The numbers for January have just been released and New York’s sports betting industry crushed it with over $1.79 billion in wagers, breaking the previous record of $1.6 billion in January 2022.
Besides, why would the state want to change a thing, especially in light of the fact that they have now reaped in excess of $70 million per month for five consecutive months with the most recent being a record $76.2 million, eclipsing the old mark of $75.6 million set in November 2022?
New York’s online betting has only been in operation since January 8, 2022, but the revenues have been as good or even better than initially projected. There are currently nine platform providers operating within the boundaries of New York, and combined they have made over $1.4 billion, with the state getting nearly $700 million of that haul.
Tax Rate Too Steep
The online sports betting providers knew what they were getting into when they signed on the dotted line and agreed to send the state of New York more than half of their profits. However, they also knew they were getting access to an enormous sports betting market and would likely do huge numbers.
Who Is Affected by These Tax Rates?
Well, the big numbers they expected to do have come to fruition, but the onerous tax rates and licensing fees are putting a crimp in the platform providers’ bottom line. Many of the outrageous sign-up bonuses that were being offered, some as high as a $3000 matching bet, are for the most part, vestiges of the past, as the market has matured and the hunt for early adopters has waned.
If you live in New York and don’t know about the various online sports betting shops then you just haven’t been listening, because the advertising has been omnipresent and there are few, if any, gamblers who don’t know how to find one of the nine online sports books being offered.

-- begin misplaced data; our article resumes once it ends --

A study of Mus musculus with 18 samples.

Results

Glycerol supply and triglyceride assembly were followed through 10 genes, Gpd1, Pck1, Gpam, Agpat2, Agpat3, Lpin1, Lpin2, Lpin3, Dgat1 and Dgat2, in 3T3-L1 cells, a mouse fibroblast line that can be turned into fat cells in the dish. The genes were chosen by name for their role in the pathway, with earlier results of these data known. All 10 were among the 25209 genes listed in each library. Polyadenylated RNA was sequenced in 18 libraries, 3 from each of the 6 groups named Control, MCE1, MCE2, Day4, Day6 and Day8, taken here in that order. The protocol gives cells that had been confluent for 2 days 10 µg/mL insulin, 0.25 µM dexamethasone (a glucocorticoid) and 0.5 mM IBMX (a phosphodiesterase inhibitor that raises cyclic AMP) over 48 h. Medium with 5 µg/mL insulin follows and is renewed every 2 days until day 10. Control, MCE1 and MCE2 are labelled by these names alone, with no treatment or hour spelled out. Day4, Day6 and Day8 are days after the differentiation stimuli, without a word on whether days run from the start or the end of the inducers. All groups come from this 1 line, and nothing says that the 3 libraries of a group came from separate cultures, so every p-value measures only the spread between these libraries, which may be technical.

“In a nutshell, we will likely be forced to offer a significantly worse value proposition for customers that are placing bets in New York,” DraftKings CEO Jason Robins recently told New York lawmakers. “This starts with the betting odds, where New York customers would receive worse odds than DraftKings offers in other states and that you can find in the illegal market.”
Changes to Tax Rate Could Raise State Revenue
The pleas from the online books are geared toward getting the New York legislators to contemplate that a good portion of their potential audience is either being driven to local bookies or offshore sites where the odds, lines, and bonuses can be much more attractive.
If the licensed books are to compete, they argue, the state must decrease the nation’s highest tax rate of 51%. This way, the books can woo those customers back into the regulated realm and more customers means more betting, which ultimately leads to higher revenues.
The underlying message the books are trying to send is that New York will continue to see staggering numbers if they lower their tax rate, because it will bring more bettors into the fold. However, not everyone is buying what the online operators are selling and as of this point, New York is making out just fine and have no reason to change a thing.
Bookmakers Review will continue to monitor this story and update our readers as events unfold.